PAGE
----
To determine prevalence of musculoskeletal complaints (MSCs) in adults with major congenital upper limb differences (CoULD) compared to able-bodied controls, and to examine associations of MSCs and disability with various biopsychosocial factors.

Questionnaire-based cross-sectional study assessing MSCs, disability (using the Disabilities of the Arm, Shoulder and Hand questionnaire (DASH)), general and mental health status, physical work demands, and upper extremity range of motion.

Seventy-one individuals with CoULD (participation rate: 41%) and 71 controls matched on age, gender, and education were included (49% female, mean age 28.9 years). Year prevalence of MSCs was significantly higher in the CoULD group (35%) than in the control group (18%). The CoULD group was less often employed and had lower scores on all measures of upper limb range of motion and hand grip. MSCs were associated with higher DASH scores and higher reported work demands. Disability was associated with female gender, more joints with limited range of motion, unemployment, and lower general and mental health. Factors associated with disability did not differ between groups.

MSCs are a frequent problem in young adults with major CoULD. To prevent or reduce MSC and disability, clinicians and researchers should be aware of the associated factors. Implications for rehabilitation

The year prevalence of musculoskeletal complaints (MSCs) in those with major congenital upper limb differences (CoULD) was approximately double to that of the control group, implying a potential relationship between CoULD and MSCs.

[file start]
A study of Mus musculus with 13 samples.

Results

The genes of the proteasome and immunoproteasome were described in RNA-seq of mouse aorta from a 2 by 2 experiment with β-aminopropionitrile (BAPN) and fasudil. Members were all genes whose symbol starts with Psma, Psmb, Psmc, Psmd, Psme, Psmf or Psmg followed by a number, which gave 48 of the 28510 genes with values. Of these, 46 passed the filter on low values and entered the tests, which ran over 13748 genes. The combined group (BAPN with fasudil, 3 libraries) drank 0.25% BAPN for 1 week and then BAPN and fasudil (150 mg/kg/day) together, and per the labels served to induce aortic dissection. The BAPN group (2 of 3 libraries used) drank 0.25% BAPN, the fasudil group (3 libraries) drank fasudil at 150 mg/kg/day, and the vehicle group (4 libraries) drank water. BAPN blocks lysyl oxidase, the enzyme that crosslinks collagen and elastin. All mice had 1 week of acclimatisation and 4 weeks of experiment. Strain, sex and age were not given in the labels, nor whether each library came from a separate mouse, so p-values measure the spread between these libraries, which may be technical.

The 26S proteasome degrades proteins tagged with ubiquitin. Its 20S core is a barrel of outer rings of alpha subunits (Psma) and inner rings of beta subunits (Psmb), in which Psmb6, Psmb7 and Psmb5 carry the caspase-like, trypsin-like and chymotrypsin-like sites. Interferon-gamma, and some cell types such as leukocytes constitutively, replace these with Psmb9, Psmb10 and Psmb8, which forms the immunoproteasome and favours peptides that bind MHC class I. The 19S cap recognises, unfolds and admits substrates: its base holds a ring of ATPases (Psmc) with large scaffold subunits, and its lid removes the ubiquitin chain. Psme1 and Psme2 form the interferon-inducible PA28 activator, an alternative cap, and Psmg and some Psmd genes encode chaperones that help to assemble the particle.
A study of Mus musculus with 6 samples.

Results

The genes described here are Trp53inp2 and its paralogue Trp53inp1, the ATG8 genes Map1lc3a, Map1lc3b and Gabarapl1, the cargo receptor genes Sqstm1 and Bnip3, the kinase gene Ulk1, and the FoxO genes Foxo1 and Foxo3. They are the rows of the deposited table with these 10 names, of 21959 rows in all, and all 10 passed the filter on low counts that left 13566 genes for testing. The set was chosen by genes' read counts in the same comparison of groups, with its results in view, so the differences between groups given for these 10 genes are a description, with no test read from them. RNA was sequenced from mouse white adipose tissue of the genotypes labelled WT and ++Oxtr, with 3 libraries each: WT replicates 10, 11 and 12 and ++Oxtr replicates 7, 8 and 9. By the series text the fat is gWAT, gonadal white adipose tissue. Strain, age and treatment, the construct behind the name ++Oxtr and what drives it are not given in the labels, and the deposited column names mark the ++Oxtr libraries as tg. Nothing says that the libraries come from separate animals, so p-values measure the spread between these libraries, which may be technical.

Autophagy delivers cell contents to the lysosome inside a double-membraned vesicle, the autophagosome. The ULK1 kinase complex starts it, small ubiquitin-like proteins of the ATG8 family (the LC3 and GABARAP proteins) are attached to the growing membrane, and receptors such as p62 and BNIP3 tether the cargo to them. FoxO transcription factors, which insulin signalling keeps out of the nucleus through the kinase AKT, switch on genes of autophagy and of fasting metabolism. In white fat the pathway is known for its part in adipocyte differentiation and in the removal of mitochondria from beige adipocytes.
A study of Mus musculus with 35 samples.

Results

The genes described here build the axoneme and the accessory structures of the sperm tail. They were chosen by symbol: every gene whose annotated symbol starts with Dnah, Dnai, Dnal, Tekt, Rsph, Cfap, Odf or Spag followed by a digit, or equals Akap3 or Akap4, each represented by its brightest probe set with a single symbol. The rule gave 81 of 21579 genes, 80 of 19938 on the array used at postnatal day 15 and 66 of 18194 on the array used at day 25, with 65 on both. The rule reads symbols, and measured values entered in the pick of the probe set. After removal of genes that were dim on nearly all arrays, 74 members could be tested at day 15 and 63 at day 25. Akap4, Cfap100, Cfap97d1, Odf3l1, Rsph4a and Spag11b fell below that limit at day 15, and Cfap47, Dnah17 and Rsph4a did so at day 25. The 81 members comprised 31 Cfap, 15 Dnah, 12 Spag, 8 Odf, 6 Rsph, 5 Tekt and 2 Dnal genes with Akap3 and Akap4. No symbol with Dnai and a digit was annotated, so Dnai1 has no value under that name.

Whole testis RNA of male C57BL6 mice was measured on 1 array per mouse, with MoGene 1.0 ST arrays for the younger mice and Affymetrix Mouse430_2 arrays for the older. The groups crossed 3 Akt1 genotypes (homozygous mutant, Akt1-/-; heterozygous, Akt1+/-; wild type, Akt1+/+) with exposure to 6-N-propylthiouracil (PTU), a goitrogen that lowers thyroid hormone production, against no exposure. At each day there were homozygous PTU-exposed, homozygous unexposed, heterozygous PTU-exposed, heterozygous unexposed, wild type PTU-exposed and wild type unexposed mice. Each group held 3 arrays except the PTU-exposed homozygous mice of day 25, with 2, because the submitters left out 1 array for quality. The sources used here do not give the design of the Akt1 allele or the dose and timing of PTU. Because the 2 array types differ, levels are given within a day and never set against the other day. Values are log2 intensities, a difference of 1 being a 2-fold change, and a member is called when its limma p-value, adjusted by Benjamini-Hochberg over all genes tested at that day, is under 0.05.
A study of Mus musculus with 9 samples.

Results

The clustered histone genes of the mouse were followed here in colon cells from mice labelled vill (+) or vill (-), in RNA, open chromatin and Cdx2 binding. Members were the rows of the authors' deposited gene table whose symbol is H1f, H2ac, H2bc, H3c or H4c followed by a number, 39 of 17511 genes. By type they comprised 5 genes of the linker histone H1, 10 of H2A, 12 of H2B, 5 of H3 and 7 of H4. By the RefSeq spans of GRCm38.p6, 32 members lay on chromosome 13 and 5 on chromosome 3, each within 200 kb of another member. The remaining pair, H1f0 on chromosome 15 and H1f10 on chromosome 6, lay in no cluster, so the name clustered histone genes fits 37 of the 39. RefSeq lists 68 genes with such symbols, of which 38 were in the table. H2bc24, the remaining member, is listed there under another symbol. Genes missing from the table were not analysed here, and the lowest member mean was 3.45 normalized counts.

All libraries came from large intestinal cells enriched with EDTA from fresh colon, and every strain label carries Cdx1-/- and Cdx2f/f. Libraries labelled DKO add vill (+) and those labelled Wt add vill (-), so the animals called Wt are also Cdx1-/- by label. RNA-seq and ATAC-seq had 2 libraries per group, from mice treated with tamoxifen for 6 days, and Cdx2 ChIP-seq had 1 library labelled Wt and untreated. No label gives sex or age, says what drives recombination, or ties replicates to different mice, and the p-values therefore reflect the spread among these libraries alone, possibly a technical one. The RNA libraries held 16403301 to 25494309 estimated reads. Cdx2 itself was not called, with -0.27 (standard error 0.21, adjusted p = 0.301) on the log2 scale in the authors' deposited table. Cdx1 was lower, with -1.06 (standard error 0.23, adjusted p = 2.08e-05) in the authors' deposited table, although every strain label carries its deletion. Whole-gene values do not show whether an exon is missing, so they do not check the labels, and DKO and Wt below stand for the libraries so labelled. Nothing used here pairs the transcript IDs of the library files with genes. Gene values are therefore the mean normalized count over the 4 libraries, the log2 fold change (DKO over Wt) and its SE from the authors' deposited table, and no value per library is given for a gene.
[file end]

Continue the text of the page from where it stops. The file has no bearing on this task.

Rehabilitation professionals should develop personalized strategies to manage work demands in those with CoULD, considering the association between MSCs and higher reported work demands.

Recognizing the impact of a negatively perceived body image on mental health, clinicians should integrate psychological counseling into rehabilitation treatments to support mental well-being and improve overall quality of life in those with CoULD.

Rehabilitation professionals should educate individuals with CoULD about the potential associations between upper limb work demands, MSCs, and disability.

The year prevalence of musculoskeletal complaints (MSCs) in those with major congenital upper limb differences (CoULD) was approximately double to that of the control group, implying a potential relationship between CoULD and MSCs.

Rehabilitation professionals should develop personalized strategies to manage work demands in those with CoULD, considering the association between MSCs and higher reported work demands.

Recognizing the impact of a negatively perceived body image on mental health, clinicians should integrate psychological counseling into rehabilitation treatments to support mental well-being and improve overall quality of life in those with CoULD.

Rehabilitation professionals should educate individuals with CoULD about the potential associations between upper limb work demands, MSCs, and disability.

Funding

We would like to thank Stichting Beatrixoord Noord-Nederland (a non-profit foundation) for their financial support.